Back in the days when sprites were moved around the screen in a linear fashion, with pixel-perfect accuracy often required to overcome single-screen levels and similarly limited enemies, Super Mario Bros on the NES opened up opportunities for creative level design and an equal amount of creativity on the player’s part to navigate them.
This more freeform approach to character movement was mainly provided by a reliance on inertia, giving a constant sense of analogue manipulation of speed providing cautious walking, adrenaline-fuelled running and in-air controlled jumping throughout each of the carefully crafted levels.
Faux Analogue Control
Long before the introduction of true analogue movement with the N64’s revolutionary analogue thumbstick, simulated analogue control was provided via the acceleration control on the NES’ B (fire) button. Holding B accelerated up to run speed, releasing B decellerated down to walk speed, with the all-important on/off control affording the player access to all speeds in-between.
The exact same control was available to jump-heights, with vertical height increasing dependent on the duration the A (jump) button was held. These two seemingly simple variables allowed control over both the X and Y axis prevalent in the 2D gameworld of the day.
The Move To 3D
The move to 3D was again spearheaded by the Mario series. While games such as the same-era Tomb Raider relied on a button press to enable walking, (most likely as a requirement to ensure safe passage navigating the many perilous drops), speed variability was afforded purely via the analogue thumbstick. The new frontier open to the 3D pioneers at Nintendo was directional movement, and they milked it to a new level compared to other developers still struggling to shoe-horn 3D games into 2D sensibility constraints. Known as 2.5D, (two-and-a-half D), see Pandemonium and the Tekken series.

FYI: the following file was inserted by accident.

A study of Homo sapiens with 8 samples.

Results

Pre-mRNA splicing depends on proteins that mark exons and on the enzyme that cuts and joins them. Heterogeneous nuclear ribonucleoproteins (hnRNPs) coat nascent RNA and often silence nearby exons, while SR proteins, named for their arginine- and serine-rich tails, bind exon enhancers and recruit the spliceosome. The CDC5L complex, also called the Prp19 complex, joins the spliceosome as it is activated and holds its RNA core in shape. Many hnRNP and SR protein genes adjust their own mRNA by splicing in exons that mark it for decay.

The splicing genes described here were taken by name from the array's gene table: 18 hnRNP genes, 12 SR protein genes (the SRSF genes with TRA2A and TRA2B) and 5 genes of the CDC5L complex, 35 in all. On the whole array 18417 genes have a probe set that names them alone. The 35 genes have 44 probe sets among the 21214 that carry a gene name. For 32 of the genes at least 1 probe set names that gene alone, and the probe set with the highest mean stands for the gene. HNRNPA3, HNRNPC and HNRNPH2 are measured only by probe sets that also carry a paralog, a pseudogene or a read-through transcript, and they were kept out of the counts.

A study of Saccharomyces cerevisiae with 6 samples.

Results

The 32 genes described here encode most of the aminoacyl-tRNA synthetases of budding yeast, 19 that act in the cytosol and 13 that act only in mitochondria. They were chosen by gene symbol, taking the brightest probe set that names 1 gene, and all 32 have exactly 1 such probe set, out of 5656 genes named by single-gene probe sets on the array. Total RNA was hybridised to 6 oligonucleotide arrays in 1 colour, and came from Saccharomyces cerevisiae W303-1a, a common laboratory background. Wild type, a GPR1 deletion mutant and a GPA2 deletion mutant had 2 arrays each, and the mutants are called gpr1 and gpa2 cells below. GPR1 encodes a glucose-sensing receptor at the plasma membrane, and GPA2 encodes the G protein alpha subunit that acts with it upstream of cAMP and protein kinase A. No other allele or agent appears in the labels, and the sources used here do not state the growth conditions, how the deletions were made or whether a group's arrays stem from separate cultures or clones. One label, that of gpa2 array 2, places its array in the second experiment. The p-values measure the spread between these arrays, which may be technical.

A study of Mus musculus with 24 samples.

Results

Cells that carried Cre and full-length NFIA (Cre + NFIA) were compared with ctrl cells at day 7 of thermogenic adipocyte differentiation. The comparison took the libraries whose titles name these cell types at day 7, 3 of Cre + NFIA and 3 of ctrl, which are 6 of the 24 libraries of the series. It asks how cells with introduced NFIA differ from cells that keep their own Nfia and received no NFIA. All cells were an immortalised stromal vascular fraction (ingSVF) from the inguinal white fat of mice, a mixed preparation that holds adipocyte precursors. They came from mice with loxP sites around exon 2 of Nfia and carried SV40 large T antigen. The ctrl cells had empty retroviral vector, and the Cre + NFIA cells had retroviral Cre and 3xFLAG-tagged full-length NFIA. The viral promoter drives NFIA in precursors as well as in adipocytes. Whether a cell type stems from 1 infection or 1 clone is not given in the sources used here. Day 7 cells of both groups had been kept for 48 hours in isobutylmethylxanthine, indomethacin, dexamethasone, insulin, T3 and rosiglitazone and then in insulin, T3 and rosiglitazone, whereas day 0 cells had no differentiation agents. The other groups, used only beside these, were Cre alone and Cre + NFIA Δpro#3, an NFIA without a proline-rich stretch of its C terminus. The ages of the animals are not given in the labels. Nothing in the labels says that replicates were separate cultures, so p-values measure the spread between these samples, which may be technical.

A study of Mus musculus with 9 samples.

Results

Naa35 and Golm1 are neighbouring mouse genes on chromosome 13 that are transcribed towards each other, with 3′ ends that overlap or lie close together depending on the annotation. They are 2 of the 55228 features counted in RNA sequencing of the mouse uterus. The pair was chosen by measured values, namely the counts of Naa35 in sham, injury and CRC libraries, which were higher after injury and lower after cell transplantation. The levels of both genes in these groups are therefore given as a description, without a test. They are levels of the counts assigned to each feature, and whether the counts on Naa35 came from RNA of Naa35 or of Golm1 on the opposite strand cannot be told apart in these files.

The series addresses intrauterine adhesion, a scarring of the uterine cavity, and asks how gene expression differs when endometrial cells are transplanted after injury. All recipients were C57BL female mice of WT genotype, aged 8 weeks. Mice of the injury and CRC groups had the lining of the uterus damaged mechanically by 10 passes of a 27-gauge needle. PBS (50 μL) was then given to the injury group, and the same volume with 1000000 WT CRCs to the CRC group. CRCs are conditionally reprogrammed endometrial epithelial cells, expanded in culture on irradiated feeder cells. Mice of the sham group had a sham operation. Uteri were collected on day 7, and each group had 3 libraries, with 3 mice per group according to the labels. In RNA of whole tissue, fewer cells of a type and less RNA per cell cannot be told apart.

Mario 64 focused on momentum via inertia, where said momentum was lost under improper handling of the titular hero, encouraging players to carve out organic circular turns, build up speeds to overcome longer jump distances, as well as link several jumps together to reach greater heights.
This deliberate reliance on momentum provided a more energetic and thrilling navigation of the “instant death”-laden vertical landscape than the altogether slower-paced and more cerebral (though no less fun) Tomb Raider.
(thanks to this guy for the use of his Mario3 guitar cover)
Look to Mario 64, or the recent DS re-release, to see the original occurrence of recent driving animation mainstays 90 and 180 degree turns and turn-leaning. By penalising the player for turning too sharply via the loss of momentum, the player is forced to take a more organic approach to driving Mario if they wish to prevail.
Interestingly, the more recent and less-than-perfect Mario Sunshine eschewed a reliance on momentum for the first time in the series, illustrated best by the immediate 180 degree turn with no loss of speed, (most visible at the static “save-game select” screen), and in my opinion suffered all the more for it.
Achieving the correct amount of inertia is paramount to the player’s enjoyment in driving around their character. Too much and the whole game can feel slow and unresponsive, but too little and a golden opportunity for adding another layer of fun to the game is lost.